I’ve always picked up shells from beaches, pretty reminders of holidays, one or two here and there… a dish at home full of memories .. but it was my first summer in the Middle East that sparked a hobby that has now taken me to the most amazing places.
Hot, bored and homesick during my first August here, I found a small file online,
A Rough Sheller’s Guide to the Northern Emirates written by a member of the Dubai Natural History Group, Sandy Fowler, who had located and marked beaches throughout the UAE and identified shells local to each area .. this was it… a reason to explore … and so it began ..
On a visit the previous month to Hua Hin, Thailand and stumbling across an amazing secret beach, I took a stroll and found the beach at low tide littered with sand dollars and Capiz shells. Many of them came home with me ..my interest was piqued, what were they, why were they there …. I was so ready for this hobby.
I’m restless; I love to be outdoors, living cooped up in a small flat, high in the city sky with no outside .. I was off, no excuses needed.
An amazing late summer, trawling up and down beaches, following the GPS settings from the file .. I came home with broken and shattered treasures, but the pleasure was immense.
Life in the UAE is what you make it, everything is here for you to form an individual life-style; for me, having re-located from a holiday island, the lure of partying was not where I wanted to go. Being outdoors, exploring and experiencing the natural beauty of this country seemed to be the way I was heading and this little nugget of information gave me reason to search out every bit of coastline of this fascinating region.
Then a gift of the book Seashells of Eastern Arabia by Donald T. Bosch, Peter Dance, Robert G. Moolenbeek and Peter Oliver ( http://www.booksarabia.com/books/nature-guides/seashells-of-eastern-arabia.html) gave me the impetus to see whether I could collect what they had listed and travel to the remote places shown … follow my updates to see my progress and what I have found so far …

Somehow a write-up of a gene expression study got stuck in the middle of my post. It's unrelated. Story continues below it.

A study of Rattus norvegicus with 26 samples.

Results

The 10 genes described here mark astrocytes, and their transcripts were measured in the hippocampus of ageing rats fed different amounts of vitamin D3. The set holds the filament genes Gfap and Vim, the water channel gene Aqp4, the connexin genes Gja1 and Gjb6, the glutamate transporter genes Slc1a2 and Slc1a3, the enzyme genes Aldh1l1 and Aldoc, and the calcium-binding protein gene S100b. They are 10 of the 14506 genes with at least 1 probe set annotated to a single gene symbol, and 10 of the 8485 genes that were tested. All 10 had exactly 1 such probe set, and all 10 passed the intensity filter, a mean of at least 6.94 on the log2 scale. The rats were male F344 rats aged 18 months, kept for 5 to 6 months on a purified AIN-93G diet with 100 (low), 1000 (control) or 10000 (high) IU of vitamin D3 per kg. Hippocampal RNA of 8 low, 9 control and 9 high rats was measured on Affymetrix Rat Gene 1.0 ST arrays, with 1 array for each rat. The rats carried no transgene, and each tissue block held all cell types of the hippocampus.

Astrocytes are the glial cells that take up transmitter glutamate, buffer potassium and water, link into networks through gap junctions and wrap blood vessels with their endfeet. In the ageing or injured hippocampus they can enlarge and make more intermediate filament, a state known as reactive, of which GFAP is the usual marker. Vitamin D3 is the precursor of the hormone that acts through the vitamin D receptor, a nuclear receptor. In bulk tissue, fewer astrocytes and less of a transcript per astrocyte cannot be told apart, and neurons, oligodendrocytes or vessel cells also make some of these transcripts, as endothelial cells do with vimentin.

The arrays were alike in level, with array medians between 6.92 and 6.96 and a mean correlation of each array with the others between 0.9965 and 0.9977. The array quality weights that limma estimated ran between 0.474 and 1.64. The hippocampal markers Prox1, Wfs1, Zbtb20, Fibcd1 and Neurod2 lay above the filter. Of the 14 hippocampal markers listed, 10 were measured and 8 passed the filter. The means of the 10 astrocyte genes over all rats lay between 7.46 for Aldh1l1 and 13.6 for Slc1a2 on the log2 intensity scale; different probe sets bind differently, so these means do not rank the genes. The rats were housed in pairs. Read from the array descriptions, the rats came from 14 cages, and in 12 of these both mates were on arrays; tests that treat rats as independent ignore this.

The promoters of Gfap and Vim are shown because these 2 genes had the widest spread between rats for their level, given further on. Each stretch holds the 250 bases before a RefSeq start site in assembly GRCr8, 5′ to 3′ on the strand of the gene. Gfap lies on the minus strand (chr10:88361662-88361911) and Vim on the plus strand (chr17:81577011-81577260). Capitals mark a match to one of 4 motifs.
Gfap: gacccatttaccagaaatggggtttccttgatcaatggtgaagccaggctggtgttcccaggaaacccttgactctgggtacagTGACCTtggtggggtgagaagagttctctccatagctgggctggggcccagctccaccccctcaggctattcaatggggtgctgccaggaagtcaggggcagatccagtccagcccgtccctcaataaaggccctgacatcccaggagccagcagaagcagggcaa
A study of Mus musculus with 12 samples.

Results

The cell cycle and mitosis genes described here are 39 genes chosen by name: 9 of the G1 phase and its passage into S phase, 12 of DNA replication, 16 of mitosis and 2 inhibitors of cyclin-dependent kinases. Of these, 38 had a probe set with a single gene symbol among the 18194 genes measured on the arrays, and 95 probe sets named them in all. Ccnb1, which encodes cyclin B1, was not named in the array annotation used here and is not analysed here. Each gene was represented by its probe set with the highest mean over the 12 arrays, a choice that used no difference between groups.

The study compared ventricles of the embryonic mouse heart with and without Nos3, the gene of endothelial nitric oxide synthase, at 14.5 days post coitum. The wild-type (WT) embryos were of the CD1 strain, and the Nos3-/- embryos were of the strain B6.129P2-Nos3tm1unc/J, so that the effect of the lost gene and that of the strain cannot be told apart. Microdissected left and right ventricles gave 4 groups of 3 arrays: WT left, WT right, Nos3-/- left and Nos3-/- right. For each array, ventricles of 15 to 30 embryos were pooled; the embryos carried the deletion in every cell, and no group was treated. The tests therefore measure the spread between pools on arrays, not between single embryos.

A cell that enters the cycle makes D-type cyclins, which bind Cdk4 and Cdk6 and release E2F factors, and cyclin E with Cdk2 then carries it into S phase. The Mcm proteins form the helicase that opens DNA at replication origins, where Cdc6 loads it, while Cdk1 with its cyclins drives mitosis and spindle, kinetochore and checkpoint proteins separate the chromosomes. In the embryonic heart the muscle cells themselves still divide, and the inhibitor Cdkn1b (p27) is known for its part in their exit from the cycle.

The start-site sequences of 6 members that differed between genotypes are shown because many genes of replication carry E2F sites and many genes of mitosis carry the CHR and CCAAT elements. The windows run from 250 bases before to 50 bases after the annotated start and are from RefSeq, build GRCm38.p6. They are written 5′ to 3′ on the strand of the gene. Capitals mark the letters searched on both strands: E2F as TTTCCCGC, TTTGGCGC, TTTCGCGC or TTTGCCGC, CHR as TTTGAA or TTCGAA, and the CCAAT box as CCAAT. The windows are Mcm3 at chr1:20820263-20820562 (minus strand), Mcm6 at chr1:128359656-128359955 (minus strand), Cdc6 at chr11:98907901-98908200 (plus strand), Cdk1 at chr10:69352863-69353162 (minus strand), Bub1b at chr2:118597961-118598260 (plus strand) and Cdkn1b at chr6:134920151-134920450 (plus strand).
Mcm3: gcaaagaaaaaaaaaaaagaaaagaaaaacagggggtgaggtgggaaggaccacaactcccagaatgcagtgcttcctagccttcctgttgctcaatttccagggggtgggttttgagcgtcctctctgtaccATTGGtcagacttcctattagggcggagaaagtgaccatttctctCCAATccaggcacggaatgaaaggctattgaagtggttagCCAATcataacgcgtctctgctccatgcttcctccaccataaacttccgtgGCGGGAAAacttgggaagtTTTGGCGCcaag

On the Arabian Gulf side of the UAE the coastal road and distances are as follows:
The Western border post of UAE and the Kingdom of Saudi Arabia is at GPS N24 7.606 E51 37.156 at Al Ghuwaifat. (NB the border crossing from UAE to KSA is NOT accessible to tourist transit. (Crossing this border is only for Transit freight, GCC residents and holders of KSA visas).
I went further West to Ghaghah Island at N24 24.09 E51 32.13 in March 2014, but I believe the bridge has now been closed for “security reasons”. There are many of the UAE beaches which are no longer accessible to Natural History enthusiasts, due to coastline development or security changes.
The North Eastern border post before the Omani enclave of Mussandam is at GPS N26 2.986 E56 5.254
The driving distance between the two is 608km on E11, estimated at 5hrs 29 mins.
To cross the border into the Mussandam region of Oman, immigration controls are in place. Fees are payable and passport stamping is mandatory to cross the border. Car insurance for Oman is required.
On the Indian Ocean side of the UAE, the coastal road and distances are as follows:
Dibba border post N25 37.751 E56 16.17 Khalba border post N24 58.905 E56 22.306
The driving distance between the two points is 77.5km on the E99 coast road, estimated at 1hr 24 mins. En route, you also pass the Omani enclave of Madha, where there are no immigration formalities, and cheap fuel is available at N25 18.23 E56 21.007.
The border from UAE to Oman can be crossed by car. Immigration controls are in place. Fees are payable and passport stamping is mandatory to cross the border. Car insurance for Oman is required.